All Roads

Posted by on May 5, 2014 in Blog, Honey Riders' Bikes, Uncategorized | No Comments

Honey-Hammer-and-Cycle-towards

What makes it so capable at so many different types of riding?

• Disc brakes enable us to open up the rear triangle to accommodate tires ranging from 23-41mm. This means you don’t have to be limited in tire selection and can easily fit studded winter tires for all year riding.

• Hand-picked, custom-drawn and size-specific tube selection creates a bike with a stiff drivetrain as well as plenty of vertical compliance keeping the wheels on the ground.

• A low bottom bracket provides rail like handling in corners on the road and confidence inspiring stability through tight turns and off cambers off road.

• A long front center provides more toe clearance for big tires and more stability on descents similar to a classics road frame.

Honey-Hammer-and-Cycle-down-tube

• There is generous room in the rear end for fenders. We know that the All Roads will be ridden in all conditions so the bike comes standard with fender mounts.

• The bike is probably one of the most versatile bikes available. It not only can accommodate a wide range of tires but can be used with either 700c or 650b wheel sizes.

Honey-Hammer-and-Cycle-away

The bike pictured is a limited edition All Roads called the Hammer and Cycle and was inspired by the Rasputitsa gravel road race held this past April in Northern Vermont. Rasputitsa means “mud season or quagmire” in Russian. The bikes was designed specifically for the mud, snow and ice that we knew would be awaiting us.

After riding and racing the bike for 6 weeks it lives up to its namesake. Riding it back to back weekends in rain, mud and snow at both the Rasputitsa and Diverged ride it passed its test with flying colors. Both rides shared a similar brutality but could not have been more different. The fact that the All Roads shined at both events is a testament to its versatility. I knew the All Roads would be great in Vermont. I was most impressed by its ability to descend 35 mph sketchy dirt roads with absolute confidence.

Two moments stand out for me from the Rasputitsa. One was the descent after cresting Cyberia. Cyberia was a 2 mile stretch of rocky “road” disguised as a stream bed that was still frozen in snow and ice. The downhill sector of Cyberia was snow, mud and ruts. I saw so many people hit a rut and go flying into a ditch. Even riders on mtn bikes were riding it tentatively. We were able to get back off the saddle and fly down this mud roller coaster ride with smiles on our faces.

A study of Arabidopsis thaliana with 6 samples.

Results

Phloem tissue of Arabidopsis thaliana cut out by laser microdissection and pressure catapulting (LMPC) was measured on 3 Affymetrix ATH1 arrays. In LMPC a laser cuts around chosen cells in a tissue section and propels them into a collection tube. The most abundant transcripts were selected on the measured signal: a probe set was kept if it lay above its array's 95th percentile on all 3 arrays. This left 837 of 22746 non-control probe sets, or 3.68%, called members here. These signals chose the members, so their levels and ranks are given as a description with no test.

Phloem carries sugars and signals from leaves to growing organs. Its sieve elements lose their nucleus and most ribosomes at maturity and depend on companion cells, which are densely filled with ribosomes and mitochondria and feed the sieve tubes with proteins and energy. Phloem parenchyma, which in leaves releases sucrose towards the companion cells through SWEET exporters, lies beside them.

Honey-Hammer-and-Cycle-back

The second moment that will be forever in my memory was following a rider into a covered wood bridge a little too hot. Actually I was going in way too fast as it was dark under the bridge and I couldn’t see that the surface of the bridge was a bunch of uneven raised wooden planks. This could have ended horribly. Instead I trusted the bike and hopped one plank and got in between the next plank and rode out through the groove. You need a very nimble yet stable bike to pull that off without crashing.

Honey-Hammer-and-Cycle-fork

The Diverged ride on the other hand was truly a mixed terrain ride. Wet wood bridges, slick roots, mud bogs, real singletrack, boulders everything you could imagine. Parts of this ride would push a cyclocross bike way beyond its comfort zone. The All Roads shined. I never felt out of control or in any way in danger. A lot of this goes to the disc brakes and ability to run big tires but the geometry played a big part in this as well.

As the Spring mud season begins to end I am looking forward to putting 28 slicks on the All Roads and taking it on dry dusty dirt roads for more adventure. Western Mass, NH and Vermont are all calling my name. We have a long list of dirt rides on our calendar I am looking forward to all of them!